Mark D. Smith-USA TODAY Sports

For all the talk of the Warrior’s brilliance, they seemed awfully quick to blame injuries when things looked hopeless and Curry wasn’t playing like the best, second-best, or even third-best player on the court. But they are finding a way, despite last night's loss, and I give them credit for that. I also give their analytics department credit for using every tool at their disposal - sensory deprivation tanks, NAVY SEAL psychological training, and the cold hard math behind the Bogut-Ellis trade. .

The thing is, I just don’t believe those tools should be limited to the best teams in basketball - interested fans deserve a piece of the action too! That’s why I’m using my connections to bring you some fresh analytics of our own. We can see what Kevin Durant and Russell Westbrook might’ve looked like as they dominated the 2016 NBA Finals.

To win in the Finals, you first have to make it there. But given the act of God the Warriors needed to win Game 6, you aren’t violating any laws of nature by insisting the Thunder could have emerged victorious in that series.

So what if they did? Does that guarantee them a title? Are the Cavs and the East really that weak?

Maybe. The Warriors (and Curry) have not played up to their standards, and the Cavs have had their holes glaringly exposed on the league’s biggest stage. Neither of these teams looks terribly dangerous right now - certainly not as dangerous as OKC did for the better part of the Conference Finals.

That’s where sharper thinking - the same "light years ahead" mentality that brought analytics to the Warriors - comes to play. Fortunately, with the latest tracking from TRKR Labs, we are able to see exactly how players benefit from increased downtime between games (without needing tech billionaires to pay for it like you know… the Warriors do).

Not only is injury risk down across the board with more rest, but the numbers say that with more rest, a player’s performance can SPIKE as high as Russell Westbrook gets on a dunk. Not only a nice metaphor, but just as pretty too:

Usually TRKR gives you a nice dashboard like this detailing your individual stamina, rest, sleep, etc. But we were able to go behind the scenes and plug in numbers for Russ and KD. Once you do, it becomes obvious how well they play with rest. I couldn’t provide their sleeping patterns because I’m just not as close with them as I want to be (yet). But minutes and breaks for star players as the season progresses do matter, so much to the point where they can tip a series in your favor.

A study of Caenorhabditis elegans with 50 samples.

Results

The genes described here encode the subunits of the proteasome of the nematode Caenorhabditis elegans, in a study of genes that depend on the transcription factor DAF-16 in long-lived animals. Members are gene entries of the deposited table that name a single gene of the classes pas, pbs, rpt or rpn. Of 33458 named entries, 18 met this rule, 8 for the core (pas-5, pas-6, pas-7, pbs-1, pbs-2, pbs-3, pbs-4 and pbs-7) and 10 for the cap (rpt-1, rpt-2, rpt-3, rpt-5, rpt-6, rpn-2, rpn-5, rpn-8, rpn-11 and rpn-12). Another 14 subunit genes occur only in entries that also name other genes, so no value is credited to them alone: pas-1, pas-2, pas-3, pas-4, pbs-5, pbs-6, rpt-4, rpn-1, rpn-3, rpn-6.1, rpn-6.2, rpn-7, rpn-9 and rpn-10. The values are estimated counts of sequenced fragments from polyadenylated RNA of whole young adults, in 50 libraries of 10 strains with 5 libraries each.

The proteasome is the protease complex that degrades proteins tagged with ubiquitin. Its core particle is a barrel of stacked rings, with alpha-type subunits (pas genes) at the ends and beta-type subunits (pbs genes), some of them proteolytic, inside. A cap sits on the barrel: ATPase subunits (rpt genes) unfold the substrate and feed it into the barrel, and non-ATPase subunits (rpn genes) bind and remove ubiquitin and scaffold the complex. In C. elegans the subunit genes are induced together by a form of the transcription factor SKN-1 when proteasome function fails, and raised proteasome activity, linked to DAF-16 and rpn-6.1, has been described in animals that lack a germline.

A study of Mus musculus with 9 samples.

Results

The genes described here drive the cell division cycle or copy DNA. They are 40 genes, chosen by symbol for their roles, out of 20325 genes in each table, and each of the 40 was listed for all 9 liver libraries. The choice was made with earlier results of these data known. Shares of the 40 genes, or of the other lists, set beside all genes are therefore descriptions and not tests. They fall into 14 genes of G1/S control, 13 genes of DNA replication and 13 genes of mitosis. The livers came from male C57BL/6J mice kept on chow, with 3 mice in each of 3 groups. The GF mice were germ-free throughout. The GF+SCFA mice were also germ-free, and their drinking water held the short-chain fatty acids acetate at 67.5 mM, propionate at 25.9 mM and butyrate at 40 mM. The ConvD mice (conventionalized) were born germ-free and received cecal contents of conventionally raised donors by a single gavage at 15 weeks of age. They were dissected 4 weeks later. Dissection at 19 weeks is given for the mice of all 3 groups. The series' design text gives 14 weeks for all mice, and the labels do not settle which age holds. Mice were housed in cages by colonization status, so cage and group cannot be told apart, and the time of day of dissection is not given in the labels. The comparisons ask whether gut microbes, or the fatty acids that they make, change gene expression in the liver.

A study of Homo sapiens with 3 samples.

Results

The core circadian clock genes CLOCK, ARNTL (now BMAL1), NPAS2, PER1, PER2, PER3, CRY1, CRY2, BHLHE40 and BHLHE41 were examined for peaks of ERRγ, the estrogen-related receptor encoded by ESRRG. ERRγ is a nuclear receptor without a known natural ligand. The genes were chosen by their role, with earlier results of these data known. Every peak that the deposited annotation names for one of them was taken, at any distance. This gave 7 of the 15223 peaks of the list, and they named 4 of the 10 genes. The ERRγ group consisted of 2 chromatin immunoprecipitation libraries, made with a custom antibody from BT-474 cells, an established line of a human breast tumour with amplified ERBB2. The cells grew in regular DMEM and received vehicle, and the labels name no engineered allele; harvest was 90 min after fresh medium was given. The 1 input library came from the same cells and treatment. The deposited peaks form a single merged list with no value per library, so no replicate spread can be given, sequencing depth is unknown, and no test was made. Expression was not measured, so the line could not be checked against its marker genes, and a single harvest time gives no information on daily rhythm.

Maybe that’s why the Thunder ran out of steam in Games 6 and 7, and why the exhausting defense they played at the beginning of the series took its toll by the end.

Now, about those Cavs.

True, we did lose twice to them this season before Billy Donovan pulled his vampire mask off and showed us what top-five coaching looks like. I mean, TRKR told us Durant has a 127 Offensive Rating after one day of rest, and 142 when playing Curry-esque minutes. If you look at the Offensive Rating of the Cavs thus far, it’s horrific: LeBron is at 104 and Kyrie is barely at 112. Sure they scrambled against a Dray-less team in Game 5, but the Thunder are on another level. Russell posts a 121 ORTG when he gets as much as rest as Kyrie’s had. That’s inhuman.

There’s no doubt in my mind that we could have rewritten the script this year, but the data suggest that next year is ours. These Warriors don’t have the three-peat in them, because even if the Dubs take it this year, no team that’s three-peated has had to deal with this version of OKC two years running. And if the Cavs can finally limp back to the Finals, LeBron will be too old to get the job done. As usual, we just need to be a tiny bit smarter to become unstoppable. Let’s go.